Prepare for resistance from the 'securocrats' - Mantashe tells NUM

ANC secretary general Gwede Mantashe. (Oupa Nkosi, M&G)

ANC secretary general Gwede Mantashe. (Oupa Nkosi, M&G)

ANC secretary general Gwede Mantashe has told workers to prepare for a fight back by securocrats in the wake of revelations of state capture and the exposé of beneficiaries of corruption within the state.

“Securocrats are going to dig dirt on everybody who they see is going to be an obstacle to their programme and agenda, and it [the response] requires boldness,” Mantashe told the National Union of Mineworkers (NUM) central committee meeting in Centurion on Thursday.

The top ANC administrator warned that unless a judicial inquiry into state capture takes place, the broader tripartite alliance would be “finished”.

“Its [judicial commission of inquiry’s] importance is that you are making an effort to establish truth from facts,” he said.

The top ANC administrator was well received by NUM members, of whom he was general secretary before being elected into the governing party’s top structures.

In an address that varied between alliance politics, the state of the economy and the regime change threat to Southern African countries and its allies, Mantashe walked a careful line between criticising his own party and encouraging delegates to remain loyal to the ANC.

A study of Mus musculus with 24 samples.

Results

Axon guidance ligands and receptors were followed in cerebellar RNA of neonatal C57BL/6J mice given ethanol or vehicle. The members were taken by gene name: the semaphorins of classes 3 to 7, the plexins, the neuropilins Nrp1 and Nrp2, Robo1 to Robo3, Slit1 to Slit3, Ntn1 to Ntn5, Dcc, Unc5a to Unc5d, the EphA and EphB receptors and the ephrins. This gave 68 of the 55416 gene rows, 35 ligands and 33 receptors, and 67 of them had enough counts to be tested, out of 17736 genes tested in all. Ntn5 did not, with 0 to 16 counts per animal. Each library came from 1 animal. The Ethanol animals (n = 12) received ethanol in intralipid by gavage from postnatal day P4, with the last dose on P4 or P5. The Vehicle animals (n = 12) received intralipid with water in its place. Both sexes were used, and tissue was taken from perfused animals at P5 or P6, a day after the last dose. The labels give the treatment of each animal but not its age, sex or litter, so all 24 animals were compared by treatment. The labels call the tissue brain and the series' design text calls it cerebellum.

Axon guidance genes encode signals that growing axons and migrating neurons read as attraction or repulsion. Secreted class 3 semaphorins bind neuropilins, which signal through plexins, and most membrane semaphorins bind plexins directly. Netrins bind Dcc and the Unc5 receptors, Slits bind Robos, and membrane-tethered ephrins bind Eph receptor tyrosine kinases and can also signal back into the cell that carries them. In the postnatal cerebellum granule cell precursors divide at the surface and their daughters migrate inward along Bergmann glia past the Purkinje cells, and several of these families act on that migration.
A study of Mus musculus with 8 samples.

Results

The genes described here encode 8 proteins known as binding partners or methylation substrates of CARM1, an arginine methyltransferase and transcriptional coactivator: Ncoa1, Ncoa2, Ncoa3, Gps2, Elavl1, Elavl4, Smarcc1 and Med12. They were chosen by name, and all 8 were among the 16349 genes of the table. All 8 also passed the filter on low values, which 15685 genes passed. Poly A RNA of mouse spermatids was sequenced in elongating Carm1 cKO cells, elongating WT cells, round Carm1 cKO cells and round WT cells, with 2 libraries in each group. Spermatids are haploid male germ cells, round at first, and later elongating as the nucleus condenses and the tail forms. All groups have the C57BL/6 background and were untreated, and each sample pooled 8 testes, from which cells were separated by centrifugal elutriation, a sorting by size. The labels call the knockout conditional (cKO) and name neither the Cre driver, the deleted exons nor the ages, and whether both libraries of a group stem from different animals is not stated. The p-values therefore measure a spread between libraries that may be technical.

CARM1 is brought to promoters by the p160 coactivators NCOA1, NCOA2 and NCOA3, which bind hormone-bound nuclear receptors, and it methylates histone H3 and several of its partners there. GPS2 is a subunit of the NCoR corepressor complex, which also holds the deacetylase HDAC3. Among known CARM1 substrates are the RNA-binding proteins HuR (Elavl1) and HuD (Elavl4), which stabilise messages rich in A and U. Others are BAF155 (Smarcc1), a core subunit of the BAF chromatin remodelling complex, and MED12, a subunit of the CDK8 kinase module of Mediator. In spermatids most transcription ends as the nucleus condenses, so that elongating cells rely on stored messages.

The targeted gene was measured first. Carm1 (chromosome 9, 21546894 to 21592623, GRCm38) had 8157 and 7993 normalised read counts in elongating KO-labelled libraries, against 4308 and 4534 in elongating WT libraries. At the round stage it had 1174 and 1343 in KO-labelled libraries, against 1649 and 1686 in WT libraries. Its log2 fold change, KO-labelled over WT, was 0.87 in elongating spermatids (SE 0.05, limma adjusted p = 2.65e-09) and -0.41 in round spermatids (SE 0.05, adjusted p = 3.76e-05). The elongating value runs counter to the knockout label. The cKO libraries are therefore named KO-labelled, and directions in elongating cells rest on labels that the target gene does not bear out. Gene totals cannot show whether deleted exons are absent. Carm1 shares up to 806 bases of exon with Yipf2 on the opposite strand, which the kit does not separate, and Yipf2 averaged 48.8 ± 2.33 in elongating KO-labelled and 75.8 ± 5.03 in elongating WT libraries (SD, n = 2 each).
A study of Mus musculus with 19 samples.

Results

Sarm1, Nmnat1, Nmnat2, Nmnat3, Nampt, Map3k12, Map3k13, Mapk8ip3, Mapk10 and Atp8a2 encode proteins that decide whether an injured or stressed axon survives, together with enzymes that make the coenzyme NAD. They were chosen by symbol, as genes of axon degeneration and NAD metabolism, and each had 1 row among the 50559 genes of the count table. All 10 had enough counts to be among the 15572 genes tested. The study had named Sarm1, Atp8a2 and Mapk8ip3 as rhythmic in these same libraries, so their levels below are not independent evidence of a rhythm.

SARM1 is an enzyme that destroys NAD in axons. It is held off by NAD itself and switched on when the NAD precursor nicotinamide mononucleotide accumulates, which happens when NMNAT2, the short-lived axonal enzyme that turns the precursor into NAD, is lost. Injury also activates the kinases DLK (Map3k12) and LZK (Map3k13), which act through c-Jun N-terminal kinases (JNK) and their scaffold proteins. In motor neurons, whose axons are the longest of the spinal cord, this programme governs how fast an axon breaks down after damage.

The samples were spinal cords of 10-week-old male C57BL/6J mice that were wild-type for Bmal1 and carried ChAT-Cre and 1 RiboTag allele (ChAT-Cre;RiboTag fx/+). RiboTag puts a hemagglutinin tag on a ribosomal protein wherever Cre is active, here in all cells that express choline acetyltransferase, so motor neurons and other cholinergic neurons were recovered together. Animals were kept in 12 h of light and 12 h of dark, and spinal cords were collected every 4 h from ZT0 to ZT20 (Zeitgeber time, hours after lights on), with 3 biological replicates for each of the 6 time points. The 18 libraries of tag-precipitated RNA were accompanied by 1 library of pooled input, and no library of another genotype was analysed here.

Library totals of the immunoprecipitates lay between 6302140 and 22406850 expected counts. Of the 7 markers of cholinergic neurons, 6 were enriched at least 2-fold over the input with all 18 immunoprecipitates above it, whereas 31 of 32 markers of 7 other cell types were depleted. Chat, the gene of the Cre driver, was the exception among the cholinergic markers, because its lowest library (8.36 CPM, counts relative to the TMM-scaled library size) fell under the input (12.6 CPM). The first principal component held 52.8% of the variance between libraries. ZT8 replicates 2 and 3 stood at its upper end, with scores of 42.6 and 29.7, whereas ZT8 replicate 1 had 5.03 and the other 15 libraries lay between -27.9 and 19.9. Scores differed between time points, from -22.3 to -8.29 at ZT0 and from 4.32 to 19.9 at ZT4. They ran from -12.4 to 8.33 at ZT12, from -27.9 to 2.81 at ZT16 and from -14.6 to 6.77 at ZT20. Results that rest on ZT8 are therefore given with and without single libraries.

Referring to the alliance, Mantashe said it was in “a state of dissarry, by design”.

“Instead of appreciating our responsibility as alliance leadership, we are entering a beauty contest in the public space.”

Mantashe warned against supporting the public outcry for President Jacob Zuma to be recalled as head of state, saying it would cause “instant happiness,” but would destroy the movement.

“It will plunge the ANC into chaos, along with structures of the ANC in many regions. If we do that, we will split the ANC into two in KwaZulu-Natal. In the North West there will be chaos, in the Free State there will be a disaster,” Mantashe said.

He also warned against growing calls from the South African Communist Party to contest the elections against the ANC, inferring that such a move would be cowardice.

“Walking away from problems that face the movement is not bravery.
I don’t want to say it’s cowardice, but I’m inviting all of you to be part of finding solutions.”

Taking aim at one of his own, Mantashe said the ANC Youth League had been reduced to “henchmen”.

“Our own youth league has decided to be henchmen who get unleashed onto individual candidates. When you have a structure like that, you must appreciate you almost have no structure,” Mantashe said to applause and laughter.